OPINION: If we don't start preserving Corby's industrial history now, then when?
The former British Sealed Beams factory is the latest in a line of mid-20th century buildings swept away in the name of progress
Everywhere you look in Corby are relics of a proud manufacturing and industrial history that our town was built on.
With its arced-roof, its reinforced concrete stilts and its modernist entrance, the largely-preserved facade of the British Sealed Beams factory in Earlstrees Road is a cracking example of mid-1900s industrial architecture, says Corby reporter Kate Cronin.
And it's now been announced that the building is set to be demolished.
Built just as the swinging 60s were getting under way, the factory, based on what was then the very edge of new Corby, offered a decent wage, a close-knit workforce and even an on-site social club which later became the Earlstrees Club on the site of Hooke Close. Workers went on strike for 19 days in 1971 demanding an extra £8 per week, and although the company didn't acquiesce to all their demands, they did their bit for some of the workers' rights that we all enjoy today.
And while it only lasted 17 years as a lighting manufacturer, the site soon became home to Weetabix where one of the nation's favourite cereals rolled off the production lines for years.
And although I love its zigzag portico, its floating office on the first floor, and its soft, wave-like roof, to some, I accept, it might be a concrete and asbestos carbuncle, a slightly downtrodden relic of a former era when factories didn't have to be corrugated metal boxes with roller-shutter doors.
But we don't have many buildings like this left in Corby. Most of them have been swept away as manufacturing and logistics have developed, modernised and expanded.
These are our building blocks. These are the places that stuck with our town, that still offered decent, steady jobs when post-steelworks Corby was getting back on its feet.
So many of the landmark buildings constructed amid the explosion of our town are already gone - the Civic, most of the secondary schools, the bus station, the Welfare, The Open Hearth. And it's almost unthinkable now that thatched cottages of the Old Village were bulldozed without a second thought.
The New Town of Corby might have a short history, but it's a proud one, and at some point we are going to have to start to cherish the buildings that are visual reminders of the foundations of this town.
Manchester turns its industrial buildings into entertainment venues, apartments, restaurants and exhibition centres, Birmingham preserves the facades of its factories and turns them into hotels, Bristol uses them as museums, Liverpool as TV studios. But in Corby, we flatten them to make way for houses or modern warehouses.
We do need houses, desperately, and this may well be a good site to put them on. We can't keep everything, we have to progress and move on as a town if we are to be fit for the modern world and provide somewhere for the next generation to live.
Not all of our factories and warehouses are pretty, and some of them we wouldn't even notice if they were gone. But this one has stood for 60 years and still has echoes of the Corby men and women who worked their fingers to the bone there to provide for their families.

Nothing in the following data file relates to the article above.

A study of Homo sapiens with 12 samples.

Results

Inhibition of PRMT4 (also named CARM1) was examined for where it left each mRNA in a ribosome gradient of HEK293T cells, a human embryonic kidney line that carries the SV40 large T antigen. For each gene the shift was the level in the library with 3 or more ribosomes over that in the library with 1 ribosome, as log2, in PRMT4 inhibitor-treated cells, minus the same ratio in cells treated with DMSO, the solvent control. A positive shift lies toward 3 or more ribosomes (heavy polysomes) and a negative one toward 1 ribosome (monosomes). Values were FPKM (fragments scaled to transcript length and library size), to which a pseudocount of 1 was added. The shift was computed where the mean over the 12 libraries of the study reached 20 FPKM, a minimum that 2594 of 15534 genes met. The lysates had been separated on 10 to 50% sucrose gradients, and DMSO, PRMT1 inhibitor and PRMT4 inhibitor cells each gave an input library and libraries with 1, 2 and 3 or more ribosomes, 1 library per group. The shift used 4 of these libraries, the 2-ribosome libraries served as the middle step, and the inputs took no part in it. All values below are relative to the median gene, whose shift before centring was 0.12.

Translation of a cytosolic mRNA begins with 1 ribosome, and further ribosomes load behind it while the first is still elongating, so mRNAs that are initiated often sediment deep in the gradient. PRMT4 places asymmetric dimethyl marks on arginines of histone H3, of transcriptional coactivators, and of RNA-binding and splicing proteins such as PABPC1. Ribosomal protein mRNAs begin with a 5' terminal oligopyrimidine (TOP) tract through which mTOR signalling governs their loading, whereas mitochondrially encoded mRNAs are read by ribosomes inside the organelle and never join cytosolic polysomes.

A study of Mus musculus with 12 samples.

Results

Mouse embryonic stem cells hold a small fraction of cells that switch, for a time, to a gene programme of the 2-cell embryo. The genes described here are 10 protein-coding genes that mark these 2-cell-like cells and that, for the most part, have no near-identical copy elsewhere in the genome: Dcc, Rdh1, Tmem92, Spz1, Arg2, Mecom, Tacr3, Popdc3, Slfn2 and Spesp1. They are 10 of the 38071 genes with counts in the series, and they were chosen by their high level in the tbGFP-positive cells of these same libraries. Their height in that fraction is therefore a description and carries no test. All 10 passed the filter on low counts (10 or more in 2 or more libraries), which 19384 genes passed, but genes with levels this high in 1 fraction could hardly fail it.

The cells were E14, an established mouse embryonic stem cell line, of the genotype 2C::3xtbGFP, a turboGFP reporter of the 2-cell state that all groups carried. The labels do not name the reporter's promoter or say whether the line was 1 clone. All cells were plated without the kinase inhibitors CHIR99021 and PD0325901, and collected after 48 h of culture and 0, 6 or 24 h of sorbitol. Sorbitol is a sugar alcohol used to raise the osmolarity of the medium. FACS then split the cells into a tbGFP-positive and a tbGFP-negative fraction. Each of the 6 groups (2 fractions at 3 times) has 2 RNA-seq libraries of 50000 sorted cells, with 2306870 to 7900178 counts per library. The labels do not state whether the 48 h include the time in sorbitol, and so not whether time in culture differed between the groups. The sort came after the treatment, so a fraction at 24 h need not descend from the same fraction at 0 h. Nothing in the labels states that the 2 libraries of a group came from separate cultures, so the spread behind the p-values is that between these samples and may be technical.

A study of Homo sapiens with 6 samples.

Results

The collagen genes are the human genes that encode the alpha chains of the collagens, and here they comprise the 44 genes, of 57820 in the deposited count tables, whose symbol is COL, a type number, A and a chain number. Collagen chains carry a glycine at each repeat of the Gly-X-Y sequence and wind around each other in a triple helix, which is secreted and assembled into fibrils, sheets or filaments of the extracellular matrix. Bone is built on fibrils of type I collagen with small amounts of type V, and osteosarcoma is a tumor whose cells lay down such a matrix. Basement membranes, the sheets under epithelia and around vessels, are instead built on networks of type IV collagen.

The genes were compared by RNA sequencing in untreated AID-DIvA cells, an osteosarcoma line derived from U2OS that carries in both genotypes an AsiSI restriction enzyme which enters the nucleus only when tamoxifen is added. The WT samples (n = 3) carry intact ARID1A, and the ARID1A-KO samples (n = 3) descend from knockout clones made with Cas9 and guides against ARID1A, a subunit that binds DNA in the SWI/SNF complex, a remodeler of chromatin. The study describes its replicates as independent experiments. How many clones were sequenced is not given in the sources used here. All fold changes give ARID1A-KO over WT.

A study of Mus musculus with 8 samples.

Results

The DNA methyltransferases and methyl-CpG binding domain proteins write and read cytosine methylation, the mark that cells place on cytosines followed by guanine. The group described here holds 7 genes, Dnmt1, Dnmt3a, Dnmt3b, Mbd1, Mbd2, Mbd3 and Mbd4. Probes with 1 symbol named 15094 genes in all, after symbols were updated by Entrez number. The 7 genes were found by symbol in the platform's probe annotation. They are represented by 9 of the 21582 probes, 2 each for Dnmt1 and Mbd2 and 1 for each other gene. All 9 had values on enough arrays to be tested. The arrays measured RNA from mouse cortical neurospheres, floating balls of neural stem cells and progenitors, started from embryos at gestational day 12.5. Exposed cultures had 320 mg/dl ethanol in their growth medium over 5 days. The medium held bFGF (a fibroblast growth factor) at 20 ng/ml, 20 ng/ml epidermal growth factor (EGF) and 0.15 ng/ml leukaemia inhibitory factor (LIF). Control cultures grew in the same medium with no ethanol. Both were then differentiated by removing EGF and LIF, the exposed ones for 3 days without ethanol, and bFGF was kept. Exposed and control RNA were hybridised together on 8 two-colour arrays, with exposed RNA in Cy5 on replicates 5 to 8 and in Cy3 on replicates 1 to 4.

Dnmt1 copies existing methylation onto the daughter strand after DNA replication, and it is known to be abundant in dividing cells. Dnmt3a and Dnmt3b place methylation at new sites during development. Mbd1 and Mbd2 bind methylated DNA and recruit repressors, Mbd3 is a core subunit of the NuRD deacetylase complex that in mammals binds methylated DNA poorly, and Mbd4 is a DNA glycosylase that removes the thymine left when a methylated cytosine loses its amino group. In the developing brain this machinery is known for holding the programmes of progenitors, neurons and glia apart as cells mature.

With a bit of creative thinking, some of the facade could have been preserved and incorporated into new buildings there. The concrete stilts could have provided a great entrance to a new housing estate.
In fact, the very same company that has applied for demolition of the Weetabix factory was the contractor for the groundbreaking transformation of Battersea Power Station into a new community, for converting a derelict ship dock into Salford's breathtaking MediaCity, and for the £10m Royal Arsenal Riverside, a mixed-use development by the Thames that includes one of the biggest concentrations of Grade I and Grade II listed buildings converted for residential use in the country.
Sadly, it seems it may be too late for this factory.
But we need to start a wider conversation in Corby about which bits of our built heritage we do want to preserve, and why. We need to pause for a moment and think about which buildings we care about. Nobody would have argued that parts of the Lincoln estate were ready to be turned into hardcore, but what about our fabulous Tin Top houses or our understated, modern churches? We don't want to see the desperate scramble that happened in Preston when the residents there had to rush to get their majestic 20thC bus station listed to stop the demolition crews moving in.
If we don't stop pulling down some of our iconic buildings now and putting up new ones, then where do we stop? With the town centre clock? Grosvenor House? The Rockingham Arms? We won't agree on them all, but it doesn't mean we shouldn't start talking about it now. Just because they're made of reinforced concrete, doesn't mean they aren't an intrinsic part of our built heritage.
When will we start to preserve the buildings that helped our town become what it is today? If we carry on, we may run the risk of ending up with a load of steel sheds, rows of indentikit houses and not a lot else.